Deeds for real estate

Deeds for real estate

So what is a Deed?

A deed will convey, or transfer title to, land and real property from a grantor to a grantee. Real property includes buildings and permanent fixtures on the land.
Title to property includes fee simple ownership, the fundamental right to use and occupy the land free of other persons forever. Forms of ownership with others can involve tenants in common, tenants by the entirety or community property between spouses, and life estates. In a life estate, the ownership ends upon death and reverts to another person.
Most simply, a quit claim deed gives up the owner’s interest to the grantee, with no guarantees of what exactly is owned and to be given. Like a release of interest, the grantor “quits” whatever he has and allows another person to take over. A quit claim to the local bridge can be given, but it only gives you what I have, which may be little or nothing. A quit claim is good for clearing title by a person who is signing off to a co-owner, such as after a divorce decree or after dissolving a land partnership.
In Washington a statutory warranty deed has specific wording governed by statute, to warrant or guarantee that the grantor has full and clear title. The grantee receives very solid rights in the land, and is legally assured the grantor really does own the land and is giving clear, marketable title. This is commonly used between arms-length buyers and sellers in the real estate market.
The grantee needs to know whether the en-title-ment he gets from the deed is affected by any clouds on title or claims by others on the property. For example if the grantor has a mortgage loan, or someone has a lien for an unpaid roof job, the grantee’s ownership received by deed is subject to the pre-existing rights of the lender or roofer. A proper lien gives rights in the actual land, regardless of ownership changes. A title search will reveal public record liens and mortgages. Title insurance will protect the new owner by defending title from other claims.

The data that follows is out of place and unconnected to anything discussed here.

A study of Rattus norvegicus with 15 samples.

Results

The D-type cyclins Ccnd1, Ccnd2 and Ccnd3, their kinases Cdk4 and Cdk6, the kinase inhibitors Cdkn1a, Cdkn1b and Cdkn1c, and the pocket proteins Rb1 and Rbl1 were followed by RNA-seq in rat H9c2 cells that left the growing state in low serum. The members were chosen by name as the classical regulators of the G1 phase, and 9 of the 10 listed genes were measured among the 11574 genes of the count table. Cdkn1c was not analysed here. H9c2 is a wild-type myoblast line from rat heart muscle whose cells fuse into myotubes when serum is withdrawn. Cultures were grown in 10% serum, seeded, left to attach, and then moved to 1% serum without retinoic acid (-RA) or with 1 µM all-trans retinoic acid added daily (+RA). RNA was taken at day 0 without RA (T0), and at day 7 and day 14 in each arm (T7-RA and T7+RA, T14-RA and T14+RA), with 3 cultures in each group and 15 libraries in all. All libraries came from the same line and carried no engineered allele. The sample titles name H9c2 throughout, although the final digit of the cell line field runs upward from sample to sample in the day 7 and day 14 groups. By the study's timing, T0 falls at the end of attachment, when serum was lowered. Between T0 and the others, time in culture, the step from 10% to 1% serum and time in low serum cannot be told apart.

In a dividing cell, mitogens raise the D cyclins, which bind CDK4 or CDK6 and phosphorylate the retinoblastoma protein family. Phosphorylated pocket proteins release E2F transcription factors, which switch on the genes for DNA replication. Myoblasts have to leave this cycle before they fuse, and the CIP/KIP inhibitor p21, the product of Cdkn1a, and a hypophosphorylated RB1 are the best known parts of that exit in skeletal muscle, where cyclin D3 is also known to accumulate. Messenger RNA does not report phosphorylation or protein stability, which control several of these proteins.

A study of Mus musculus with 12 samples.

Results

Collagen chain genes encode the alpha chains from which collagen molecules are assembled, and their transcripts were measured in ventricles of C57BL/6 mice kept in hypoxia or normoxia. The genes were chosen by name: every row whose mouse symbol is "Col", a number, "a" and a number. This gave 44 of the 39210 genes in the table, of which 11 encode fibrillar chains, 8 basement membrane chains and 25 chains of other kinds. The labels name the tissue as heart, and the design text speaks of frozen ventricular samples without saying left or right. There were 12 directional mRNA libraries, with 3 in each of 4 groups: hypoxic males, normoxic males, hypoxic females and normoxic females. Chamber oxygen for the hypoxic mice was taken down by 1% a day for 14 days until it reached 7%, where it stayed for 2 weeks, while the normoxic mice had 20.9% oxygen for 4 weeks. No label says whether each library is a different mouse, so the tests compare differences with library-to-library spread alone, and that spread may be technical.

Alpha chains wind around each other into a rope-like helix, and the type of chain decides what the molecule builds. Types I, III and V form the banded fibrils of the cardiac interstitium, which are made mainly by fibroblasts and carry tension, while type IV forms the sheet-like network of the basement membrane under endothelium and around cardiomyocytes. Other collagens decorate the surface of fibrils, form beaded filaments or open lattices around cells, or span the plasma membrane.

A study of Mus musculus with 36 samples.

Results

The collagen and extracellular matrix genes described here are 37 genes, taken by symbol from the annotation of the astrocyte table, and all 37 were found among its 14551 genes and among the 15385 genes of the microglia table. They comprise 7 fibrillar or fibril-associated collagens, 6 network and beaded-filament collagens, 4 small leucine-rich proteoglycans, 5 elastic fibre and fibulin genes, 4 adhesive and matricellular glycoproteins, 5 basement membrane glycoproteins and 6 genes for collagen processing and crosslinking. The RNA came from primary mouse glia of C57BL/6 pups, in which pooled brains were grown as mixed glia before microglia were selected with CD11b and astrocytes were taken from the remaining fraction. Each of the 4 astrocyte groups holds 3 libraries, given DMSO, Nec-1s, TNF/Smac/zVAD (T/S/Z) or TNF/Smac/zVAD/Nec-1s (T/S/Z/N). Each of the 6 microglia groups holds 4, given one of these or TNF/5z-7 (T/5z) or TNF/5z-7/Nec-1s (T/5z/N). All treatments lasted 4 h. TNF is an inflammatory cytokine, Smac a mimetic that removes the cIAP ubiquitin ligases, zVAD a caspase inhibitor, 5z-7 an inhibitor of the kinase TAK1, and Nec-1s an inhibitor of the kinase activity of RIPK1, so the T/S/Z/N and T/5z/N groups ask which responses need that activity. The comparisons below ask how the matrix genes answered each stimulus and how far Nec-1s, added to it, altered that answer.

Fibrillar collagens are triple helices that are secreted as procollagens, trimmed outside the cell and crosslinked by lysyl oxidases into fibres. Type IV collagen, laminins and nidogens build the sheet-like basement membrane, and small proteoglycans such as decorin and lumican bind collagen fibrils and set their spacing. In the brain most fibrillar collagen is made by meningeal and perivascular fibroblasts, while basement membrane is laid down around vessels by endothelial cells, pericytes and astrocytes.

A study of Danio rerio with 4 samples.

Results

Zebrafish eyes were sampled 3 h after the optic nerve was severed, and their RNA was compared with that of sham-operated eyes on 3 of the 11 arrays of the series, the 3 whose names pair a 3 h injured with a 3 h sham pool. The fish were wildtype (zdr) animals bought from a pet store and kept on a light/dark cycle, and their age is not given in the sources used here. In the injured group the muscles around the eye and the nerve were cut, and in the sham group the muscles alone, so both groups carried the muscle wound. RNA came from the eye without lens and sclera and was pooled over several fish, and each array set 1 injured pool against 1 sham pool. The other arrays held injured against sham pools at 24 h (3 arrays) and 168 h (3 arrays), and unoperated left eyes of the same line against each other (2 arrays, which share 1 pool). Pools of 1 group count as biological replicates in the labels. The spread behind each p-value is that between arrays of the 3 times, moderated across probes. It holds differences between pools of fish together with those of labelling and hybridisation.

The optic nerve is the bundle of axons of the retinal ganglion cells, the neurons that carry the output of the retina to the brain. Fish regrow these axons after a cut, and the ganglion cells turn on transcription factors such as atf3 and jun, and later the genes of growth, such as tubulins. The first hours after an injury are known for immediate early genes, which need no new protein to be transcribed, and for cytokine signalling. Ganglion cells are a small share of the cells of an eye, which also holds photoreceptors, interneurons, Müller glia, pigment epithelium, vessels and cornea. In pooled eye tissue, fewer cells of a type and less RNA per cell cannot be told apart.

Also in Washington, a warranty fulfillment deed is used for the final step when the grantor pays off a private real estate contract. Rather than having a deed and then a mortgage from a third-party lender, the contract is used to secure buyer’s monthly payments to the seller over time. When the contract is paid up, it is fulfilled by this kind of deed, giving the grantee full title and ownership. Until then, during the contract, grantee only had the right to possession while making payments. Failure to pay forfeits the contract and the land reverts to the seller.
A deed must be signed and witnessed by a notary public, must be physically delivered to the grantee, and to be effective as to the rest of the world, it must be recorded in the public records of the county in which the property exists.
Washington State charges a real estate excise tax based on the sale price of the land. Exemptions to tax, such as gifts, are shown in WAC 458-61A.  Before recording a deed with the county auditor, the county treasurer requires a real estate excise tax affidavit to accompany the deed.